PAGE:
The bid letter is the only document that indicates the steel fabricator's interpretation of the contract documents. Writing a good bid letter is important to every project as this letter will set the stage for the whole course of the job.
The proposal letter protects you, the company you are working for and your potential customer. It is a legal document and should be incorporated into any purchase order or contract agreement entered into without exception, for it specifically identifies the information used to produce the pricing.

All the documents and drawings that are reviewed during the process of creating the estimate need to be listed including the release dates, revisions and addendums that were incorporated. This is important as any later revisions or addendums may affect the pricing given at bid time, and only your bid letter will verify that for you.

Particular attention should be paid to the inclusions or exclusions of the miscellaneous items found at the architectural drawings. Often this is where ambiguities are found that can lead to disaster. Even the smallest, seemingly insignificant detail may lead to a large dollar item. Great care should be taken to identify these at the bid letter.

Don't worry about the letter being too long or too detailed. Tedious as this work is, it is very necessary. It will be the item or items that are not listed at the inclusions or exclusions of the bid letter that will cause problems. Guaranteed.

The Bid Letter
The Devil Is In The Details - Making Allowances For Items Not Shown
Almost every project has requirements for the steel fabrication that is not shown at the drawings and specifications. The statement "Any and all items, whether or not shown or indicated in the contract documents shall be included" may be found in any Miscellaneous Metals Section 05500 in the Division 5 specifications. What is the steel estimator to do with such a statement?

The designers don't necessarily know everything that may be required with regard to fabrications for every project, so the inclusion of the statement "any and all item whether or not shown or indicated..." is the way for the designers to cover themselves for all the things they are not sure about.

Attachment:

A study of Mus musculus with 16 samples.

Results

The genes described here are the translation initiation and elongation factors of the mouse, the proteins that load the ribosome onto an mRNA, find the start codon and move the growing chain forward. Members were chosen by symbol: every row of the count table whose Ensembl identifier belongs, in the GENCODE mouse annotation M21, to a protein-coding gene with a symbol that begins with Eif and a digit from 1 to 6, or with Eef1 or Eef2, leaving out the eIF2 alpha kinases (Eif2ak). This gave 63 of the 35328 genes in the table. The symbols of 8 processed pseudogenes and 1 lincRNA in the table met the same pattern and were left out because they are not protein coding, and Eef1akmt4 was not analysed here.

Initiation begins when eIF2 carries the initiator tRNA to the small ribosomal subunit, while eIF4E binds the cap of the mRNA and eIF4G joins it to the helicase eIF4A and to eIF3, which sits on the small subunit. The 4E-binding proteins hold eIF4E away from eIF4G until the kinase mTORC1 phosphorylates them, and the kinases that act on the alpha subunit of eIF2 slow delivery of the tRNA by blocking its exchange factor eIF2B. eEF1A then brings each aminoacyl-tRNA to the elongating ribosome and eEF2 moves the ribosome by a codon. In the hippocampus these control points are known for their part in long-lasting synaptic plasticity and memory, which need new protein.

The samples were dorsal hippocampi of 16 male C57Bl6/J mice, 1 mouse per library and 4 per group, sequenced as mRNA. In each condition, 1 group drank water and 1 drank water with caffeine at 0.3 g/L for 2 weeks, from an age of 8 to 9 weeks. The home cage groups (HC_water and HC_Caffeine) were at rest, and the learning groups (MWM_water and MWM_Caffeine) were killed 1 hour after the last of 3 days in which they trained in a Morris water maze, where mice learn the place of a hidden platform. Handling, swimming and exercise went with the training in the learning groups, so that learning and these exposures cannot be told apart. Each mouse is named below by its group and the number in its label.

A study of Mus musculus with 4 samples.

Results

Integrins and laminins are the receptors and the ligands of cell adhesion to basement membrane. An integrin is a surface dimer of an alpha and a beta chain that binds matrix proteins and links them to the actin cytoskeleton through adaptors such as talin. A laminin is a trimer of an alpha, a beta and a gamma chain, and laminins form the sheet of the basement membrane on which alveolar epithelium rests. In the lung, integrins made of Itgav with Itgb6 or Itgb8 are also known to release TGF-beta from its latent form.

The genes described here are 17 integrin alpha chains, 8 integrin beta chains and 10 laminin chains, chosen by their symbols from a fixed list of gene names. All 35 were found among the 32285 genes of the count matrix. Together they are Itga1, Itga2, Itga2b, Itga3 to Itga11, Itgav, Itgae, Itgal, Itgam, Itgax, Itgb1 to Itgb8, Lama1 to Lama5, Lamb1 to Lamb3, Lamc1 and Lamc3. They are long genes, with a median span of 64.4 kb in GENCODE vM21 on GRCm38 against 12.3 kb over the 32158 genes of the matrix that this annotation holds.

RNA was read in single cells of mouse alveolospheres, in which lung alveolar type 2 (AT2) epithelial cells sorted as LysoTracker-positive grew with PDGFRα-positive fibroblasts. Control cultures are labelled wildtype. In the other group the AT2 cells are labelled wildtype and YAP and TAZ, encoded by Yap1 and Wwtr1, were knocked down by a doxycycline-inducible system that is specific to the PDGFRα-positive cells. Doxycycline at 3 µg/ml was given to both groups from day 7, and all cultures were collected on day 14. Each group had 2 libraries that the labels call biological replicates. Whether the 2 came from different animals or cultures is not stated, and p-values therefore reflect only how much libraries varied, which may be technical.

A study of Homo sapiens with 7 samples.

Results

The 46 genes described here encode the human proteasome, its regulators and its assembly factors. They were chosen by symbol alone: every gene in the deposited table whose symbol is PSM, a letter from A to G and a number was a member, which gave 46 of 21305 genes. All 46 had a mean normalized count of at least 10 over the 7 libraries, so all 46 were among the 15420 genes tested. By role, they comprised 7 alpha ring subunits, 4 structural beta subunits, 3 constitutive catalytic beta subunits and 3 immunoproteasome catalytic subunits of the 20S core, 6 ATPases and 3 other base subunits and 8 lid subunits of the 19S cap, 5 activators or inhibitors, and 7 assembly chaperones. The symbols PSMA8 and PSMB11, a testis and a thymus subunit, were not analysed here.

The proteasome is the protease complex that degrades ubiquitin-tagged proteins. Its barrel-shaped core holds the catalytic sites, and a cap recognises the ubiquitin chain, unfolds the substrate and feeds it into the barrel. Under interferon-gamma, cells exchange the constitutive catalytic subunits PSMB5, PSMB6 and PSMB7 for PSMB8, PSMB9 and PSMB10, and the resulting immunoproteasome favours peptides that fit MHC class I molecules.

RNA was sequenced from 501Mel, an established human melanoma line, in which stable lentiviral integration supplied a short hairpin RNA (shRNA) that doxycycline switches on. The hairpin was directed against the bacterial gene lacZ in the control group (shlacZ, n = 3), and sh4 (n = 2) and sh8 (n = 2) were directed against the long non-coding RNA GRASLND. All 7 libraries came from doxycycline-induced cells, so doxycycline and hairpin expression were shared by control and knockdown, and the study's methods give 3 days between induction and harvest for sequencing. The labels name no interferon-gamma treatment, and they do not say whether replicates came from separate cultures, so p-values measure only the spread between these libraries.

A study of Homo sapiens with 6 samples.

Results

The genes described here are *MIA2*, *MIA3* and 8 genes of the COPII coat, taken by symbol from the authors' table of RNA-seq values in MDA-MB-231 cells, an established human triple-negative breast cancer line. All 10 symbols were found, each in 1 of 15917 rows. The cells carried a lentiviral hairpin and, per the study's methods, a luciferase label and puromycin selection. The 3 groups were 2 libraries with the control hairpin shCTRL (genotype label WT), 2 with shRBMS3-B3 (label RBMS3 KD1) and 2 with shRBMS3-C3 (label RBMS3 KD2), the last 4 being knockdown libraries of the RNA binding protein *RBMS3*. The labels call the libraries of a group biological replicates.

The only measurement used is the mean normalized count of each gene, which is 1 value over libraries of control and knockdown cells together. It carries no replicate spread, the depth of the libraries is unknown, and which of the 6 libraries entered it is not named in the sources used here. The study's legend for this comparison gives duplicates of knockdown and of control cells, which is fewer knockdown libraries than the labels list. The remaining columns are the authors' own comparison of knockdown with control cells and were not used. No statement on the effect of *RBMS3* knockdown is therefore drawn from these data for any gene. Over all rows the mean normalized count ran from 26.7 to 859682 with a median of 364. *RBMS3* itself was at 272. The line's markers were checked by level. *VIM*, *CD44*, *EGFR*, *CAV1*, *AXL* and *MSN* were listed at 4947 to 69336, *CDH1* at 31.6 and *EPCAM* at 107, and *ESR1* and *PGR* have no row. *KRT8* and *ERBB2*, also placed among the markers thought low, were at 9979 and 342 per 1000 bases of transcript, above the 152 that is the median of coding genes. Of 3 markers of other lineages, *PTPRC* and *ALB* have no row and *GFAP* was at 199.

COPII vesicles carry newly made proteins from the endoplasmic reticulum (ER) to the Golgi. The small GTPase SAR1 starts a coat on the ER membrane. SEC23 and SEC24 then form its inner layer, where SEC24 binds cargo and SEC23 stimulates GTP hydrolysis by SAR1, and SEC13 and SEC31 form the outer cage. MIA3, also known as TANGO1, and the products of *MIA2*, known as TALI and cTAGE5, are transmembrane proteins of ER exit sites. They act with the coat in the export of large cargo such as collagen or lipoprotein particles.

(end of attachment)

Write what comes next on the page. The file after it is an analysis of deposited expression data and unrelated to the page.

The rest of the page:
Specifications are written in specific and general terms. It is those general terms that will get us into trouble. If the estimator's bid letter is written specific to each project the solution is simple. Add to the list of exclusions all the items listed at the specifications that are not part of the project, including this 'any and all items" statement.

Unknown or unforeseen items can and do come up during the course of fabrication. It is expected that the steel fabricator will have included everything necessary to provide a complete job. If the list of exclusions is comprehensive, then the project manager will have an easier time getting paid for extra work. It will be items that are not identified and not specifically excluded that may be costly and will prove to be difficult to collect for.

We do not get to be low bidder by assuming anything. We cannot make allowances for items that are not shown or indicated, for if we did, we would never get a job.

Granted, there are some things that we know as fabricators that we need to do, and it only makes sense to put the money in our quote to cover such things. An example of this would be nail holes for embed angles and plates, or erection holes for bracing, since these items are an understood trade practice and the designers generally do not put these in their details.

Be careful how the bid letter is written, and be clear about what you do and do not have in your quote. Extra time invested in developing the proposal will keep your company from providing items or performing work that was not included in your estimate.